Tuesday, June 16, 2009

Elevator Story

A guest post by E-Fink

In addition to my work as the Rabbi at Pacific Jewish Center at the Shul on the Beach I am also a Law Student at Loyola Law School in Los Angeles. I am part of the evening program and completed my first year of evening classes in May.

In December I was subjected to mid-terms in each of my courses. Many Law School exams are long fact patterns that require the student to analyze the facts and apply all the law that is relevant to the facts and then argue why the law should or should not apply to those facts. Usually these fact patterns are fiction.

My torts professor gave us a very interesting fact pattern. The basics of the case were as follows: two young boys named Israel and Jacob enter an elevator on their way to school. Along the way the elevator malfunctioned and the boys were suspended between the 10th and 11th floor. The doors malfunctioned as well and opened. The younger boy, Jacob, age 5, tried to jump from the stuck elevator to the 10th floor below, but did not "stick the landing". Unfortunately, he stumbled off the 10th floor and plummeted 10 stories down the elevator shaft to his death.

Israel was eventually rescued.

There were many more legally operative facts in the fact pattern and our professor wanted us to analyze the claims against the building landlord, owner and elevator maintenance company. It was a pretty shocking case for all of us.

When we returned to school after the break our professor told us that the fact pattern was basically a true story with some of the facts changed to make a clearer essay. Immediately I "googled" "Jacob Israel Elevator". I found the original NY Times article with the tragic story.

Yesterday the Times had another article on the ongoing litigation. Apparently, the defense wants young Israel, who is 10 and traumatized to testify. This is horrible as any memories of the tragedy could alter his psychological well being tremendously. The case is being litigated as you read this.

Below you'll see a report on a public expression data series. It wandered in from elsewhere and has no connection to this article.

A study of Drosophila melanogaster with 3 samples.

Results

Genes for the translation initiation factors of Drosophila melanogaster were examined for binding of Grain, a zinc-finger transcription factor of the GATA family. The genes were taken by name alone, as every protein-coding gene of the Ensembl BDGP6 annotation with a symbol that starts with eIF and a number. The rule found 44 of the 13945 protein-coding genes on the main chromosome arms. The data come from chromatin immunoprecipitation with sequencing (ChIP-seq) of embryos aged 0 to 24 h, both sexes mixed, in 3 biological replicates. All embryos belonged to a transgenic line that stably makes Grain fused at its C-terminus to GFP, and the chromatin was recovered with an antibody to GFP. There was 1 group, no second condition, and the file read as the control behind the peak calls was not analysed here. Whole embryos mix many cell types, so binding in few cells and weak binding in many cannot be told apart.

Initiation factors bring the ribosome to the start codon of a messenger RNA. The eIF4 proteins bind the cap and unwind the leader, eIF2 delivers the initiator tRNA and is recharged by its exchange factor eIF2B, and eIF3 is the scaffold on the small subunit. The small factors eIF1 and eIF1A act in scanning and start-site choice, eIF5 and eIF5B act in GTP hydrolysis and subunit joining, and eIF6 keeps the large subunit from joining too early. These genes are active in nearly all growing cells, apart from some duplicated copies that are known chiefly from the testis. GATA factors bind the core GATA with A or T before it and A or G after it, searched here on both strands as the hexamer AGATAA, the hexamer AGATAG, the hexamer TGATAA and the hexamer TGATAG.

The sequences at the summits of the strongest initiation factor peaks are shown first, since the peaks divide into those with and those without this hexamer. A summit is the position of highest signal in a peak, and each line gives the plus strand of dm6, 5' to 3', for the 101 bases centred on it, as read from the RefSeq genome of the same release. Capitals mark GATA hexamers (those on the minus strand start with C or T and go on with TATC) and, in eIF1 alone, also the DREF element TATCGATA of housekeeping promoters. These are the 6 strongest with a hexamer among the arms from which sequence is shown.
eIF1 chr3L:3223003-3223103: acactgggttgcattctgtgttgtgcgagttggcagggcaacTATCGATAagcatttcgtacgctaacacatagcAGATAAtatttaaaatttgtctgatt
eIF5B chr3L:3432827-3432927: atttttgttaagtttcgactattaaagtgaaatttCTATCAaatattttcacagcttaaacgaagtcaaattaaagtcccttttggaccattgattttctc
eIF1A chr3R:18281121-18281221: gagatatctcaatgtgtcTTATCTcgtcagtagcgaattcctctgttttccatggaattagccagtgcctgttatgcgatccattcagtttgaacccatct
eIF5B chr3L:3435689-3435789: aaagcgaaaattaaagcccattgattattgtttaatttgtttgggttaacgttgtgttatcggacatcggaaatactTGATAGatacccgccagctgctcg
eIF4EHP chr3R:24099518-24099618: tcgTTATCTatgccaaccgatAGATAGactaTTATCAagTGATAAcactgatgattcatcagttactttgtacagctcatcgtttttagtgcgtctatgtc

I told this entire saga to two people I know. They are both very caring and sensitive people. They both had the same reaction and that reaction is what prompted this post.

When I told the story over, both people had serious looks on their faces and clearly empathized with the poor child.

Then I told them, by the way, the little boys were Chasidish children from Williamsburg.

They both had the same second reaction. Their jaws dropped and they exclaimed Oy! That's terrible! --a much emphatic reaction from before they knew the boys' ethnicity.

At first I was disturbed. Do we care more about some poor Chasidish kids from Williamsburg than anyone else? Is this tragedy worse to us because they are Jewish?

Is this a good attitude? Could this bother non-Jews and provoke anti-semitism?

Or, perhaps it is normal for us to care more about our Jewish brethren. Maybe, we should feel more compassion for our fellow Jews. After all, it is a rule of Jewish law that we are responsible for one another.

This has been gnawing at me for a little while now. Should we care more about a Jewish tragedy than a non-Jewish tragedy?

Even if we are allowed to care more about a Jewish tragedy should we try and mask our feelings to be more politically correct?

Aren't we outraged when non-Jews do not care about Jewish tragedy as much as non-Jewish tragedy?